Yes, Calling A School "Too Asian" Is Racist

Illustration for article titled Yes, Calling A School "Too Asian" Is Racist

Are Canadian universities "too Asian?" That's the question posed in a bizarre article that also swears "'too Asian' isn't about racism." So what's it about then?


Stephanie Findlay and Nicholas Kohler of Macleans don't come out and say that Canadian colleges have too many Asian students. They let a group of anonymous white kids do that:

[A]s Alexandra puts it — she asked that her real name not be used in this article, and broached the topic of race at universities hesitantly — a "reputation of being Asian."

Discussing the role that race plays in the self-selecting communities that more and more characterize university campuses makes many people uncomfortable. Still, an "Asian" school has come to mean one that is so academically focused that some students feel they can no longer compete or have fun. Indeed, Rachel, Alexandra and her brother belong to a growing cohort of student that's eschewing some big-name schools over perceptions that they're "too Asian."

Lest you think these kids are racist or something, Findlay and Kohler helpfully explain that, "'too Asian' is not about racism, say students like Alexandra: many white students simply believe that competing with Asians — both Asian Canadians and international students — requires a sacrifice of time and freedom they're not willing to make." From there, the piece — which was briefly removed from Maclean's website but is now back up (albeit in edited form; you can read the original here) — becomes a weird mashup of stereotypes and concern-trolling. Asian students "work harder" and "tend to be strivers, high achievers and single-minded in their approach to university." They have pushy parents, are anti-social, and when they do socialize they do so with — horrors — other Asians. Universities need to do something about this terrible problem before they become "places of many solitudes, deserts of non-communication."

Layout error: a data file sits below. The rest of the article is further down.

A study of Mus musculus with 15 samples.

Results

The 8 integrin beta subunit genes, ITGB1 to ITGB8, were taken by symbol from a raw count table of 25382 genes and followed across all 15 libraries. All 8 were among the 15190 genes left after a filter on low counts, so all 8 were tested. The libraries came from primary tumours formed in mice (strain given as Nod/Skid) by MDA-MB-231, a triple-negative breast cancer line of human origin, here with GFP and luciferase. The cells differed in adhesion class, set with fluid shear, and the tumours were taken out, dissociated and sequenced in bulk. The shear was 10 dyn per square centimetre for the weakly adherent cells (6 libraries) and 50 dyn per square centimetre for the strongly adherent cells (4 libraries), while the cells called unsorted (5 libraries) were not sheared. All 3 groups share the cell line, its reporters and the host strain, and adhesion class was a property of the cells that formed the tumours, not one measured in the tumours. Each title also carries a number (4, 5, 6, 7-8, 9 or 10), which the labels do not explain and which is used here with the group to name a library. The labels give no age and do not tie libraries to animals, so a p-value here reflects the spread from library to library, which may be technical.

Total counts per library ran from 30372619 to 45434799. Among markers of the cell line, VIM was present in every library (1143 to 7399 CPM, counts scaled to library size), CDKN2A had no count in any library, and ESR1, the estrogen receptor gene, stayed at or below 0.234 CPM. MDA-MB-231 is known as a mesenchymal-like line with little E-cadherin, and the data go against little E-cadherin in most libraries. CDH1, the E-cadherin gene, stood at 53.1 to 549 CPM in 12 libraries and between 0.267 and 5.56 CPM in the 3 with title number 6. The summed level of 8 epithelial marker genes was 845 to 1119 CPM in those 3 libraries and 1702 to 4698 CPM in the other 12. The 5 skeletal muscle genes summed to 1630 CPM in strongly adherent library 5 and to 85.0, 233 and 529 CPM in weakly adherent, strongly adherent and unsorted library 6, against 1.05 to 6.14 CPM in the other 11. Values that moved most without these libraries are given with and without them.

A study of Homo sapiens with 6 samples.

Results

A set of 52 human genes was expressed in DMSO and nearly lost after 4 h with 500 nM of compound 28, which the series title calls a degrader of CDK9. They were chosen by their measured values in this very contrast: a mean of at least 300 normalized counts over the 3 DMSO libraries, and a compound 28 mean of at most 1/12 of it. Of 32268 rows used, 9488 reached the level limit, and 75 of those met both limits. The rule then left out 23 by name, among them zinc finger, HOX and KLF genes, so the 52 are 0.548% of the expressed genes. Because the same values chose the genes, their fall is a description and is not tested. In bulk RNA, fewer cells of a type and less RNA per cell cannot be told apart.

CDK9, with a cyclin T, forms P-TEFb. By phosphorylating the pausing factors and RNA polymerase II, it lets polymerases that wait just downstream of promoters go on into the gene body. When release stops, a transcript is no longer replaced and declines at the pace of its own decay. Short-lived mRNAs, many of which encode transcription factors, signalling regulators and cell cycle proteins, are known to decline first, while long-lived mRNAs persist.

It's kind of unclear what this even means, but Findlay and Kohler go on to say that the real problem isn't that colleges are "too Asian" but that they're too segregated — they're "at risk of being increasingly fractured along ethnic lines." Of course, blaming racial segregation on the idea that immigrant groups "keep to themselves" is an age-old way of dodging the real discrimination these groups face — but okay, having friends of all different backgrounds is an important part of becoming a thoughtful and sociopolitically aware person, and it's reasonable for colleges to do what they can to foster such friendships. But if that's what Findlay and Kohler cared about, why didn't they call their article "Too Segregated?" Why didn't they talk about all groups, including white students, rather than focusing in on (a stereotyped and oversimplified version of) Asian students? Why did they base a whole thesis of anti-Asian resentment on a few quotes by white kids who wouldn't go on the record? Whatever the reason, "students like Alexandra" are here to assure you that it's not about racism.

‘Too Asian'? [Macleans]

Image via Matthew Benoit/


A Small Turnip

"When Alexandra and her friend Rachel, both graduates of Toronto’s Havergal College, an all-girls private school, were deciding which university to go to, they didn’t even bother considering the University of Toronto. "The only people from our school who went to U of T were Asian," explains Alexandra, a second-year student who looks like a girl from an Aritzia billboard. "All the white kids," she says, "go to Queen’s, Western and McGill."

OH MY GOD. While I'd sincerely like to take out Alexandra's trachea with my teeth, she's actually articulated the situation with chilling precision. I'm a product of that southern Ontario private school system (Any other Ridley students on Jezebel?), and did my B.A. at the University of Toronto. I've seen first-hand how depressingly segregated students with Asian backgrounds are from other kids. Even in a diversity-friendly school like U of T, there's still a horrifying lack of social interaction between those groups—and being in the history department, it was unusual to see an Asian face of any kind in my classes. I wish I knew how to help change that.